29982776 Operations Management

operations management
operations management

Copyright:Attribution Non-commercial


not only be well-planned on the drawing board, but its design must also be capable of being eventually
translated into palpable fact. The designer must therefore face a multitude of practical production
problems. “Design for production” has become a motto among designers. The following three aspects
of production engineering have to be weighed:
1. Selection of processes that will be the most suitable and economical for the purpose. Such a
selection will have to consider:
(i)The production quantities involved. Some processes are very expensive to operate unless
used for a suitable production run.
(ii)Utilization of existing equipment. Such considerations may override acquisition of equipment
for an ideally more suitable process.
(iii)Selection of jigs and fixtures and other production aids, the use of which may affect the
design of components.
(iv)Sequence of operations and methods for subassembling and assembling.
(v)Limitation of skill. The selection of a process must be compatible with available skill and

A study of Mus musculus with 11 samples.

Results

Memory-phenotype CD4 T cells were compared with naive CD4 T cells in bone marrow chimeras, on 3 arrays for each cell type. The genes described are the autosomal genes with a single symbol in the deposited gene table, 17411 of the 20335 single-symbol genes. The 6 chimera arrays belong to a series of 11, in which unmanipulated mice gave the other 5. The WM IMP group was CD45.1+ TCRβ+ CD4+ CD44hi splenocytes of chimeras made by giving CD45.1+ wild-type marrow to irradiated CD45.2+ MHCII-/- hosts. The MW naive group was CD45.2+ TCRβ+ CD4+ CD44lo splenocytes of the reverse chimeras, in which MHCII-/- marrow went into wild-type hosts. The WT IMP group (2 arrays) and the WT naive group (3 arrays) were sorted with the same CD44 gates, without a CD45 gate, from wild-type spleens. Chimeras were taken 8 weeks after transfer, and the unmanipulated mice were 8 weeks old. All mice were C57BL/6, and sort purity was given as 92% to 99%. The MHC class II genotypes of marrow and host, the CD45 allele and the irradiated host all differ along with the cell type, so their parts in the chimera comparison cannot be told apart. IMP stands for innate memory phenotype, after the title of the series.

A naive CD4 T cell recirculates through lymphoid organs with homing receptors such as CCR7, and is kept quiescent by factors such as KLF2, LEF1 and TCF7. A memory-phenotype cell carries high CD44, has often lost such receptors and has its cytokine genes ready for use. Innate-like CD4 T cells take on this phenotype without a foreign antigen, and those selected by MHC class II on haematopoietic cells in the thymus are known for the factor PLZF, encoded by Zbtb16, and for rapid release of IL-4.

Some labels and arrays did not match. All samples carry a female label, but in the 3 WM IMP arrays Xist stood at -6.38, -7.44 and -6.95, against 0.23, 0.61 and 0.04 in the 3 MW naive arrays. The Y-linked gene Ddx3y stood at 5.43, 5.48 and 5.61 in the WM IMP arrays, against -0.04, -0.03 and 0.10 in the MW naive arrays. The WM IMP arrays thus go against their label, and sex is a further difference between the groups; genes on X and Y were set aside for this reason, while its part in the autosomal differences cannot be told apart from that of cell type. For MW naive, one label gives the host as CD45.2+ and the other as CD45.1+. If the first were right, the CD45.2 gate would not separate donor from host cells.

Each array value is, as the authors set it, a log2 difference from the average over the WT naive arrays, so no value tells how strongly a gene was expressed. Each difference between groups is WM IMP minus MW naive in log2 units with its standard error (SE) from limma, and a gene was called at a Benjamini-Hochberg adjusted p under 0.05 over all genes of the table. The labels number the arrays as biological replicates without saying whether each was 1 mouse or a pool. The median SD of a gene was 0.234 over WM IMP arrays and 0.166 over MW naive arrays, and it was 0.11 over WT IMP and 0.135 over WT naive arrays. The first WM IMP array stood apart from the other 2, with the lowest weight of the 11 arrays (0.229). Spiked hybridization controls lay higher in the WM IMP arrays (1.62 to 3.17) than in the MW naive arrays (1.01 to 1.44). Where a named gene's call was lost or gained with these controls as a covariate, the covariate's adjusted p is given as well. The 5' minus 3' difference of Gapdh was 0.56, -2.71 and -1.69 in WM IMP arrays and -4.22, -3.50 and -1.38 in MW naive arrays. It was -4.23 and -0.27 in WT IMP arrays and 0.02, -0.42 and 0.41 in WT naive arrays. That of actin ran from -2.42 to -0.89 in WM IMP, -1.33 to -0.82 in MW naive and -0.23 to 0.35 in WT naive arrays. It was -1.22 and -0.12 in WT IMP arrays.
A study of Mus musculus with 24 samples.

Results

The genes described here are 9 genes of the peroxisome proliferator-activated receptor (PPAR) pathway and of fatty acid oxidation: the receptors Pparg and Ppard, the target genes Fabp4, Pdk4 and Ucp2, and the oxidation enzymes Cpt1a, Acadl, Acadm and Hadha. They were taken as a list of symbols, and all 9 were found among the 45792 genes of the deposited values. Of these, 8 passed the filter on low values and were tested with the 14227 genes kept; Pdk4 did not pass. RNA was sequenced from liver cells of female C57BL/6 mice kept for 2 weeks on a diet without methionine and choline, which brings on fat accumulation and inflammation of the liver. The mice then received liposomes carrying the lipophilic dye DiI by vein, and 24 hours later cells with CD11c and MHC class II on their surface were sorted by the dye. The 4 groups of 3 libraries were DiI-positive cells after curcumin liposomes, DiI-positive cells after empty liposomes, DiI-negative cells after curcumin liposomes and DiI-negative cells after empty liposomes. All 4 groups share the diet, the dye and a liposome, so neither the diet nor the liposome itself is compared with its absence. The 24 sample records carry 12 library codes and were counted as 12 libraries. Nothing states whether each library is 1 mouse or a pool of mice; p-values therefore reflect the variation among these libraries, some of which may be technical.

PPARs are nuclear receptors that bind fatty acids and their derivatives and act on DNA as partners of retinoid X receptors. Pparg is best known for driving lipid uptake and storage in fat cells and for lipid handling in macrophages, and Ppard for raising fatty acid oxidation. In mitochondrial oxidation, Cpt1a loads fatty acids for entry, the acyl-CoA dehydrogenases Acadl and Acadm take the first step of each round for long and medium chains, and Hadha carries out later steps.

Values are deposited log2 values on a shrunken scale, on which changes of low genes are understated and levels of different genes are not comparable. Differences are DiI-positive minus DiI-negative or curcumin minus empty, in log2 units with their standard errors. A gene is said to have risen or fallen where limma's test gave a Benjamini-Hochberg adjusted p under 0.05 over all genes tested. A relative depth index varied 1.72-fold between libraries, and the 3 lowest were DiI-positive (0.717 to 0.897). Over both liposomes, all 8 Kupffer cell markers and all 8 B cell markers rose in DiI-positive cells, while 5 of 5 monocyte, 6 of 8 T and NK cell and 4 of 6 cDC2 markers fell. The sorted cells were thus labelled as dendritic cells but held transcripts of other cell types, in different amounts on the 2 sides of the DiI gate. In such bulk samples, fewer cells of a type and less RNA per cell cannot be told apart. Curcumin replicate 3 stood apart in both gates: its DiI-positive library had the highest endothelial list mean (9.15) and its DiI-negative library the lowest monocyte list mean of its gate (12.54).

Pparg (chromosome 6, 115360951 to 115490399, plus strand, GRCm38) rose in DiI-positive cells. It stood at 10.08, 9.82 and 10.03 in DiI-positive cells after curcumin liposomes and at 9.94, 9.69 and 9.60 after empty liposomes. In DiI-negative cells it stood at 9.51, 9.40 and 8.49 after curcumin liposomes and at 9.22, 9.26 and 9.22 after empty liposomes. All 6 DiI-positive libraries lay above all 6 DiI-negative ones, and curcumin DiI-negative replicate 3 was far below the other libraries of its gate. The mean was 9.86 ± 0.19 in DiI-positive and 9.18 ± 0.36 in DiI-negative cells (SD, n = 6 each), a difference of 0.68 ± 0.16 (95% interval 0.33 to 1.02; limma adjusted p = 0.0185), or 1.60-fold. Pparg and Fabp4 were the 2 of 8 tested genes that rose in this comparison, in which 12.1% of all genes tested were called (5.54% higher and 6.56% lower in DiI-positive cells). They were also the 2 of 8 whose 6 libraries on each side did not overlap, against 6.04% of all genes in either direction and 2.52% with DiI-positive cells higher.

sometimes may be solely governed by it. Mechanized and push button equipment is
particularly suitable to non-skilled or semiskilled operators, but it is usually expensive to
install and must be justified by long runs.
(vi)Application of new production processes. The designer has to consider not only conventional
techniques but also the latest developments and research into newer production methods.
2. Utilization of materials and components with the view of
(i)Selection of materials having appropriate specifications.
(ii)Selection of method or design to reduce waste and scrap.
(iii)Using standard components and assemblies.
(iv)Having interchangeability of components and assemblies with in the product.
3. Selection of appropriate workmanship and tolerances that satisfy quality requirements, but
which are at the same time compatible with the precision and quality that can be attained through
the available processes. Specification of quality may also affect the selection of processes.